Childhood Vaccinations: Key Messages & Communications Tips for Employers
COVID-19 vaccines are safe and effective and are now authorized for children ages 6 months and older.
Based on data from thousands of children who participated in clinical trials, the Food & Drug Administration (FDA) has expanded emergency use authorization for the Pfizer-BioNTech and Moderna COVID-19 vaccines to children ages 6 months and older. The Centers for Disease Control and Prevention (CDC) and the American Academy of Pediatrics (AAP) now recommend that all children and adolescents ages 6 months and older get vaccinated as soon as possible in order to protect themselves and prevent the spread of COVID-19 to others.
Children can be infected with COVID-19 and should be protected.
More than 14 million children have tested positive for COVID-19 in the U.S. since the start of the pandemic. COVID-19 is the fifth most common cause of death for children ages 1 to 4. More than 400 children under the age of 4 have died from COVID-19, and the virus has caused serious illness and complications in hundreds more. Children with underlying health conditions may be more likely to become severely ill.
COVID-19 vaccines for children can help everyone get back to the things we love.
Being vaccinated will allow kids to get back to, and hold onto, the things they have missed: uninterrupted in-person learning, playing with friends and participating in sports and enrichment activities.
Get your children vaccinated and boosted at your earliest opportunity.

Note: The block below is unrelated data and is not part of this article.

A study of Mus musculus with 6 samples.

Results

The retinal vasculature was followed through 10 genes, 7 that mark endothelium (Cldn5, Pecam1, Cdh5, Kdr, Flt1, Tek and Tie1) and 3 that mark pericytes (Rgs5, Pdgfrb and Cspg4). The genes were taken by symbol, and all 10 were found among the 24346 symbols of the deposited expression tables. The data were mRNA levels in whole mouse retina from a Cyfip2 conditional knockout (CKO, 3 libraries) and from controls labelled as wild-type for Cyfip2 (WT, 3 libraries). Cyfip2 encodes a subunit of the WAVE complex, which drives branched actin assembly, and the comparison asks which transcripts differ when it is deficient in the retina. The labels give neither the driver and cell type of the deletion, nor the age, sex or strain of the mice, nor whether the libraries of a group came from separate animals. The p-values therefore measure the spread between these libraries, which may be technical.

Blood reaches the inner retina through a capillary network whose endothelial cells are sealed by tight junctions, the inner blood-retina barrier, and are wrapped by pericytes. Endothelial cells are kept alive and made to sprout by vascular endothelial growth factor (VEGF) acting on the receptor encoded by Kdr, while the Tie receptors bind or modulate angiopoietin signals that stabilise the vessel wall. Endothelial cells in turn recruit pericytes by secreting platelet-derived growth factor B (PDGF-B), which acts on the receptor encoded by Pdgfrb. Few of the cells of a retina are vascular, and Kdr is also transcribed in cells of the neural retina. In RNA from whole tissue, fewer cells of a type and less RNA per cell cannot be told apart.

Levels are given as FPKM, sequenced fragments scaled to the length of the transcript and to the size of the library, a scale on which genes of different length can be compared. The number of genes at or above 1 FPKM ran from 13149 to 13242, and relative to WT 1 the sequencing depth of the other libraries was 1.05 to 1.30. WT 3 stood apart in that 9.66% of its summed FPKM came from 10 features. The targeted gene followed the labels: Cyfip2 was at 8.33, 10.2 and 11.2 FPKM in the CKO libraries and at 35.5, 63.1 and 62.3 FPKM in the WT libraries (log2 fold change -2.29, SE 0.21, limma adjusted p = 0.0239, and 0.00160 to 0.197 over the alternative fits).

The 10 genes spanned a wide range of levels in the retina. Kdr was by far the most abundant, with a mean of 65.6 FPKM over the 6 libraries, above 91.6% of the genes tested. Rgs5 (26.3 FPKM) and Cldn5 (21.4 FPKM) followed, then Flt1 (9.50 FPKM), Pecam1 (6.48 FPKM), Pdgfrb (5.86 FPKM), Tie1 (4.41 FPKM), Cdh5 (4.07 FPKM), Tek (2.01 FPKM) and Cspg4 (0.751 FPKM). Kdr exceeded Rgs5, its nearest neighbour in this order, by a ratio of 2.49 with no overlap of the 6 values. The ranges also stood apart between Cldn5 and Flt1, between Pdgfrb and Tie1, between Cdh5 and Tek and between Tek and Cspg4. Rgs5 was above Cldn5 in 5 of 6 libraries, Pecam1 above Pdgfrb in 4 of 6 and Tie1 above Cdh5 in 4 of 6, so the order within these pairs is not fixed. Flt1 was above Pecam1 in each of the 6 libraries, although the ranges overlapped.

Children ages 6 months and older are eligible for the Pfizer-BioNTech and Moderna COVID-19 vaccines. It’s important to get them vaccinated as soon as possible, especially with new variants circulating that could cause a summer or fall surge. Children ages 12 and up are eligible for the updated booster that was specially designed to strengthen immunity against the original coronavirus strain and protect against the newer Omicron subvariants, BA.4 and BA.5.
Make sure your children are up to date on other routine immunizations to protect them, your family and your community. If we have high vaccination rates in every community, we are able to keep diseases and viruses from spreading throughout the U.S.
Widespread vaccination is a critical tool to stop the pandemic, safely keep schools open and prevent parents from missing work. Now that youth ages 6 months and older are eligible for COVID-19 vaccines, we must work together to make sure parents who choose to vaccinate their children are fully supported.
As a trusted source of information, employers can share facts about the safety and efficacy of COVID-19 vaccines for adolescents ages 6 months and older, as well as the safety and benefits of other routine immunizations for children of all ages. There are many ways to communicate with your employees about the safety and benefits of childhood vaccination. Here are some strategies you might consider:
- Leverage a wide array of communications channels to reach your employees and workers, such as your company email, newsletter, home mailer or company intranet. Here’s an updated vaccine checklist you can use.
- Utilize our Key Messages to craft a letter from your CEO or other trusted leader in your organization.
- Share our answers to frequently asked questions and videos from trusted messengers such as the American Academy of Pediatrics.
- Parents’ biggest fear in choosing to vaccinate their children is safety. Dispel myths and misinformation by sharing the American Academy of Pediatrics “Ask a Pediatrician” resources.
- Host a company-wide town hall meeting, either in person or virtually, with a pediatrician or vaccine expert to answer questions and concerns your employees may have in getting their children immunized. For assistance in connecting with a local pediatrician, email us at firstname.lastname@example.org
- Engage employee resource groups and informal networks of parents within your workforce to have trusted conversations about the safety and benefits of vaccines for children.
- Encourage your employees and workers to talk with their children’s pediatrician directly.